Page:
The new ISO 27701 “certifiable extension” to ISO 27001 lets you add a Privacy Information Management System (PIMS) to your Information Security Management System (ISMS). Escalating data privacy requirements make an ISO 27001 certificate an appealing option to show clients, investors, regulators and management that you have a solid privacy posture.

To unpack useful experiences from Pivot Point Security’s initial ISO 27701 engagements, a recent episode of The Virtual CISO Podcast features Andrew Frost and Aurore Watts, two GRC Consultants who have led a number of clients through successful ISO 27701 audits. Hosting the show as usual is John Verry, Pivot Point Security’s CISO and Managing Partner.

Data mapping is a critical element in any privacy initiative. What are some of the common challenges?

Andrew reports: “Data mapping is basically figuring out where all the PII lives and where it’s processed. A lot of companies don’t know that, and it’s hard to nail them down and figure out where it actually is. We usually start with talking to someone about their tools or what software they use, and drill down into what that software does. Some of the lessons learned are where people don’t think about where data is. Places like temporary files, or even a Contact Us page on a website, for example. People sometimes just don’t know where that data is going. An email comes into the company and people just send it all over the place, and that’s PII. So, we have to track that down and figure out where that’s going to end up living. Which sometimes takes a lot longer than you think it should.”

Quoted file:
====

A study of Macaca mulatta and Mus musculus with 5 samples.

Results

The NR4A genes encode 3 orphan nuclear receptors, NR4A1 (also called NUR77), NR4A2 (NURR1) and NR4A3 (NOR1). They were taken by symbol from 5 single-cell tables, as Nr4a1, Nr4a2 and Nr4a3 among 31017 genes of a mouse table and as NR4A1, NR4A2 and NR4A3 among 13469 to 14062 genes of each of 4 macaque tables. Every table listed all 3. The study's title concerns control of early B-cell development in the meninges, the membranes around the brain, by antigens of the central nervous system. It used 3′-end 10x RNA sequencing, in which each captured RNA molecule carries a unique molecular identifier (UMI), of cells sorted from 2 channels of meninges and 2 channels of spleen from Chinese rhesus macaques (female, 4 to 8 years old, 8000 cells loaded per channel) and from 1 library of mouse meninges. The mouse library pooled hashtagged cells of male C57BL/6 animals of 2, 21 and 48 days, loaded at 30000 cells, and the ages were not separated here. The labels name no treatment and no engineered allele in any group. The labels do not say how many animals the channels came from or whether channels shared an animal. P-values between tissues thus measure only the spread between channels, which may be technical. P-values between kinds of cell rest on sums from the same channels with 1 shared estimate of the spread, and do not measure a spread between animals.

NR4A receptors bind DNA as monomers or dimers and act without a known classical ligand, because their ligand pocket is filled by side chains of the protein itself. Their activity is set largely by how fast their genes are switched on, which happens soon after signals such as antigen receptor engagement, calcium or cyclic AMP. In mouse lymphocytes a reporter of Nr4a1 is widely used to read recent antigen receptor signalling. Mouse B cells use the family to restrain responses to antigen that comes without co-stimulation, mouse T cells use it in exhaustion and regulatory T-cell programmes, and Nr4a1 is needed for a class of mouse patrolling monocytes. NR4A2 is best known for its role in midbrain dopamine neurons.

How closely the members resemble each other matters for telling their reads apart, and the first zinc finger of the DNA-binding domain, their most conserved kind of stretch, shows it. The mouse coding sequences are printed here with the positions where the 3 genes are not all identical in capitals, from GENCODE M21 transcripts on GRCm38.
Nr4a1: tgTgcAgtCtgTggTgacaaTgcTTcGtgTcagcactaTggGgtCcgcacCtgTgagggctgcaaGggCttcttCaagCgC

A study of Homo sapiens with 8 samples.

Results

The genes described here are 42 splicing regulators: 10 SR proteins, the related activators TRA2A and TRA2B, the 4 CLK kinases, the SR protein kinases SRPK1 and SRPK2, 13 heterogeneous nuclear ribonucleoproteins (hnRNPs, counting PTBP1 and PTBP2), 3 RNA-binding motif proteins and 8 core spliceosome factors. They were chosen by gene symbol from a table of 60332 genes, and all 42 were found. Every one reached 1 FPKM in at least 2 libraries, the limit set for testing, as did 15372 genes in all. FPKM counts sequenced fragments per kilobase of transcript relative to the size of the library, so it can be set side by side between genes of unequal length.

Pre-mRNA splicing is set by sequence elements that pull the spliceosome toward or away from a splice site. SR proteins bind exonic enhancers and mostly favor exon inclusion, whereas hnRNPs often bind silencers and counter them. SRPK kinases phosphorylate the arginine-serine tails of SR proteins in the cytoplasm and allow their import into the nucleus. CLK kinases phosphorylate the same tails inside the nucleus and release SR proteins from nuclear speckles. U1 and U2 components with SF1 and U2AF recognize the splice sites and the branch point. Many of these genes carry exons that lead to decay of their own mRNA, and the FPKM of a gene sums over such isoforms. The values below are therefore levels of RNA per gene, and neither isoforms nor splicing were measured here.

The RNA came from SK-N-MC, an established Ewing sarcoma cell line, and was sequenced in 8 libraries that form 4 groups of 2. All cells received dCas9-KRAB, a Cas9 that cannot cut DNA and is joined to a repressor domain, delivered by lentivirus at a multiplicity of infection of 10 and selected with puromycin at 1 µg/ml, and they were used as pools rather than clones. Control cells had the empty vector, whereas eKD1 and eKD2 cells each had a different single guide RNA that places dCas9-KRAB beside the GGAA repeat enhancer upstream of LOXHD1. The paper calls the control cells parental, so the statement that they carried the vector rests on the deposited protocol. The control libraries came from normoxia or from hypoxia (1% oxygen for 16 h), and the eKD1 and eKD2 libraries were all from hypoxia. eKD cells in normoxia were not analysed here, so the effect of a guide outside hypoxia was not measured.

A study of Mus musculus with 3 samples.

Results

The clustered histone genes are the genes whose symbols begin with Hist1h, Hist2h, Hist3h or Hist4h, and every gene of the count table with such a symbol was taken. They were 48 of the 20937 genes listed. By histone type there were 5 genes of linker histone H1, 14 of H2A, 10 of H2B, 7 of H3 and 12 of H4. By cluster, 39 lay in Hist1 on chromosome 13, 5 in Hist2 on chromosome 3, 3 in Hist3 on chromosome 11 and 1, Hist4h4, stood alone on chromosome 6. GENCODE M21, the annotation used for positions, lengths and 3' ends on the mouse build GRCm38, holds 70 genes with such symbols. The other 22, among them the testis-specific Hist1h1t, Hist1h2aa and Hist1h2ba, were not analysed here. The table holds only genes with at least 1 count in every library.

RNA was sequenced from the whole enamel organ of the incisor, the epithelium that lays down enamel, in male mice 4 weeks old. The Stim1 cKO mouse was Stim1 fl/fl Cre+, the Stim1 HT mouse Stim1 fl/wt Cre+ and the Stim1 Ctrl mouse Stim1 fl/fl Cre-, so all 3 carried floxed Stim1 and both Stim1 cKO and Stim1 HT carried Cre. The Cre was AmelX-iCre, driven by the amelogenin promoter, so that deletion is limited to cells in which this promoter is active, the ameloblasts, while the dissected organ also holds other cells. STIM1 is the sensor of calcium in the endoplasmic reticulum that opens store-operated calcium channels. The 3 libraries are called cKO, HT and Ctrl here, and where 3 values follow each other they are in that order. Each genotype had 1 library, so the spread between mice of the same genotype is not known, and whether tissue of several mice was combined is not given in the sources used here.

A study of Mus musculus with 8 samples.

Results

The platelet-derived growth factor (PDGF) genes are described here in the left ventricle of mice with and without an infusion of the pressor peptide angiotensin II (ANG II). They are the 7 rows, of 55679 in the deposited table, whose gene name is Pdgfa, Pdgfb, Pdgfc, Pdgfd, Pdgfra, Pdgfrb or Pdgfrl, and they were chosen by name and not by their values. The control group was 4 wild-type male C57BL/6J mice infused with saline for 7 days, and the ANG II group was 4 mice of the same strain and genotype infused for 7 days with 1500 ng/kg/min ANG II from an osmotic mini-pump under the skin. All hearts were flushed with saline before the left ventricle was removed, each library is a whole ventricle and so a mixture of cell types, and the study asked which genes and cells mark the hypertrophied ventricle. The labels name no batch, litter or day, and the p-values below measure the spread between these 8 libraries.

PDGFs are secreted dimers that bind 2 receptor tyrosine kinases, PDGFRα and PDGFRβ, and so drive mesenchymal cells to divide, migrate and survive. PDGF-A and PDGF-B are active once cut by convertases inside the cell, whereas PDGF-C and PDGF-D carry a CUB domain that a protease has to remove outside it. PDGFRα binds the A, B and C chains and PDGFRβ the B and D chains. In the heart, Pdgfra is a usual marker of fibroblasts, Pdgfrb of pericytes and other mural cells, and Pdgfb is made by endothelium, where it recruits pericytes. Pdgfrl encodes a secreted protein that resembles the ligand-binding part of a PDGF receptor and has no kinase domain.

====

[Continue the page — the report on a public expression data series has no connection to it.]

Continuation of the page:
“When we start the conversation, we have maybe a few names that we know we’re going to talk to,” recounts Aurore. “But really, we end up talking to many more people because, like Andrew says, it’s really an investigation. It’s really looking for where is that PII, what do you do with it, who do you transfer it to? It does become a lot of conversation, though it’s something that some clients want to do just with questionnaires. We’ve found that this doesn’t work because of all those follow-up conversations that are needed.”

John echoes: “Very often, people might not fully understand the question. Sitting across the table from you, they get some sense of clarity. Whereas that clarification is very inefficient to get through a survey or questionnaire-style approach.”

“There’s always a follow-up question for any question—and for any answer, usually, too,” adds Andrew.

John points out data mapping in a privacy context is equivalent or analogous to the Record of Processing Activities (ROPA), which ISO 27701 and GDPR Article 30 both reference. A data map or ROPA enables you to connect elements of the PII that you’re gathering and/or processing to the internal processes that act on that data and to the people and systems that store it. You need all those connections to be able to service a data subject access request (DSAR), for example.

As Aurore then notes, you’ll probably need to identify additional information pertaining to PII as part of your ROPA. Like, is there a lawful basis for that processing, as GDPR Article 6 mandates. Or the source of the data, in the case of a data processor.

What’s Next?

Moving towards ISO 27701 certification? Listen to this show with Aurore and Andrew and hopefully benefit from our “teething pains”!

To hear this episode now, click here. If you don’t use Apple Podcasts, you can find our complete selection of episodes here.